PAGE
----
Manitobans looking for payday loans online are more likely to find unlicensed lenders than approved lenders, according to a national study released Friday by a nonprofit consumer group.
“You are not safer in provinces with more regulation,” said Ken Whitehurst, executive director of the Consumers Council of Canada.
Twelve online lenders in Manitoba were investigated as part of the study and only two were found to be licensed by the province.
According to the study, Manitoba has some of the strictest payday loan rules in Canada. The province sets the lowest borrowing rate in the country at $ 17 per $ 100 borrowed.
Approved lenders must also limit their borrowing to 30 percent of take home pay. In addition, they must provide a notice to the consumer at the time of borrowing, indicating the high cost of the loan, the right to cancel, and information on credit counseling.
Newfoundland has the least regulation and Whitehurst said consumers are clearly exposed to unlicensed businesses there. Quebec caps interest rates at 35 percent, which limits payday lending activity in that province.
Whitehurst added that the study found that almost all licensed lenders were complying with the regulations, but unlicensed players were virtually non-compliant with provincial regulations.
“Licensing hasn’t made illegal lending go away,” he said, adding that unlicensed lenders can also endanger consumers’ information and privacy.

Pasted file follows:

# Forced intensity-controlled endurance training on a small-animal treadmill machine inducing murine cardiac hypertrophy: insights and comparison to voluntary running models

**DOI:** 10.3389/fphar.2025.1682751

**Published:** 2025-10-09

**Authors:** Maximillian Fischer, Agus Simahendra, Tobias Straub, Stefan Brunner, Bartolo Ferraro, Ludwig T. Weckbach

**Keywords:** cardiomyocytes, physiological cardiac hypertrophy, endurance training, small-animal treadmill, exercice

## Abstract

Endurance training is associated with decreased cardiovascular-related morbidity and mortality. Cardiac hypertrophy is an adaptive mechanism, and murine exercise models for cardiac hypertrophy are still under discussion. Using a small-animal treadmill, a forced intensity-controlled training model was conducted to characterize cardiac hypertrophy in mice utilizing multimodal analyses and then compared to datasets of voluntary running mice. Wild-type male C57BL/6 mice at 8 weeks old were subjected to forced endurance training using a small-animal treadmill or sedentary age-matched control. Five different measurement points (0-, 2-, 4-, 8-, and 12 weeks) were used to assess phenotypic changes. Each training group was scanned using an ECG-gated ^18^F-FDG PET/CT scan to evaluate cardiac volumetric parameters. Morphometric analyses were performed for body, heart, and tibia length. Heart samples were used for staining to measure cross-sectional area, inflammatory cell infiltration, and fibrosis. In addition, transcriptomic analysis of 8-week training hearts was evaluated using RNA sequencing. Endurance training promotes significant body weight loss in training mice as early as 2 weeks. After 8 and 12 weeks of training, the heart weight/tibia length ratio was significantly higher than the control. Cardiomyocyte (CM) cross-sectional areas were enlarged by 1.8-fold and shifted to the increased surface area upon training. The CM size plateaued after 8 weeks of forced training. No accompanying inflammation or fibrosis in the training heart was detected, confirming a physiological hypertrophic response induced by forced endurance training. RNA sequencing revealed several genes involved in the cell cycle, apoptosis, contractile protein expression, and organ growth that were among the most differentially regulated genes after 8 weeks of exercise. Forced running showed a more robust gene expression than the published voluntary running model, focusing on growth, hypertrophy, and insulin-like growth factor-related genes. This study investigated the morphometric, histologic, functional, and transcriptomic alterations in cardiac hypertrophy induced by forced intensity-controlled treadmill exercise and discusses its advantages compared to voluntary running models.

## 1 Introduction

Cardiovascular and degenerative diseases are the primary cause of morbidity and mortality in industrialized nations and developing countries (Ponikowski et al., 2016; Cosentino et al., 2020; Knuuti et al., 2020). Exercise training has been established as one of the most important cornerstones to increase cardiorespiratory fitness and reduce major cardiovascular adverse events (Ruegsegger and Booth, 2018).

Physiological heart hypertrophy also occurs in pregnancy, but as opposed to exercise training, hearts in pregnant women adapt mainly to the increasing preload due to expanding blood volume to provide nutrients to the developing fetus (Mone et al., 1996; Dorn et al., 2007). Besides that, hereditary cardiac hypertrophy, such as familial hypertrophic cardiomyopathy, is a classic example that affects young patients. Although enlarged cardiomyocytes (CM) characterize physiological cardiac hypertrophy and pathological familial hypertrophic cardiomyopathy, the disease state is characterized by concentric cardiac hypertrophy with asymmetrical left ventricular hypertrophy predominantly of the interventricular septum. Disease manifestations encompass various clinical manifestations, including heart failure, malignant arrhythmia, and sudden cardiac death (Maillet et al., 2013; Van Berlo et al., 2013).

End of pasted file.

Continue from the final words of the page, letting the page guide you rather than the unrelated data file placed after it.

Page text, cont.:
“Unauthorized lenders seem to ask for very specific banking information,” he said. “It is very difficult to know who you are dealing with online.”
“Payday loan is very problematic”
The study found that a number of unlicensed lenders have requested passwords, account numbers and other information that links them directly to borrowers’ bank accounts.
“There is a fair amount of phishing going on with banking information now,” he said. “It is difficult to know if this is the main objective.”
The study examined 134 payday loan websites from the perspective of consumers across the country, to test compliance with regional regulations and collect data. Six provinces have laws to protect consumers and two are pending.
“Payday loans are very problematic,” Whitehurst said.
He advised Manitoba consumers to check with the provincial government’s Consumer Protection Division for a list of approved lenders, but said consumers should carefully consider their options before signing up.
“If someone feels they need a payday loan, it might be a good idea to check credit first,” he said.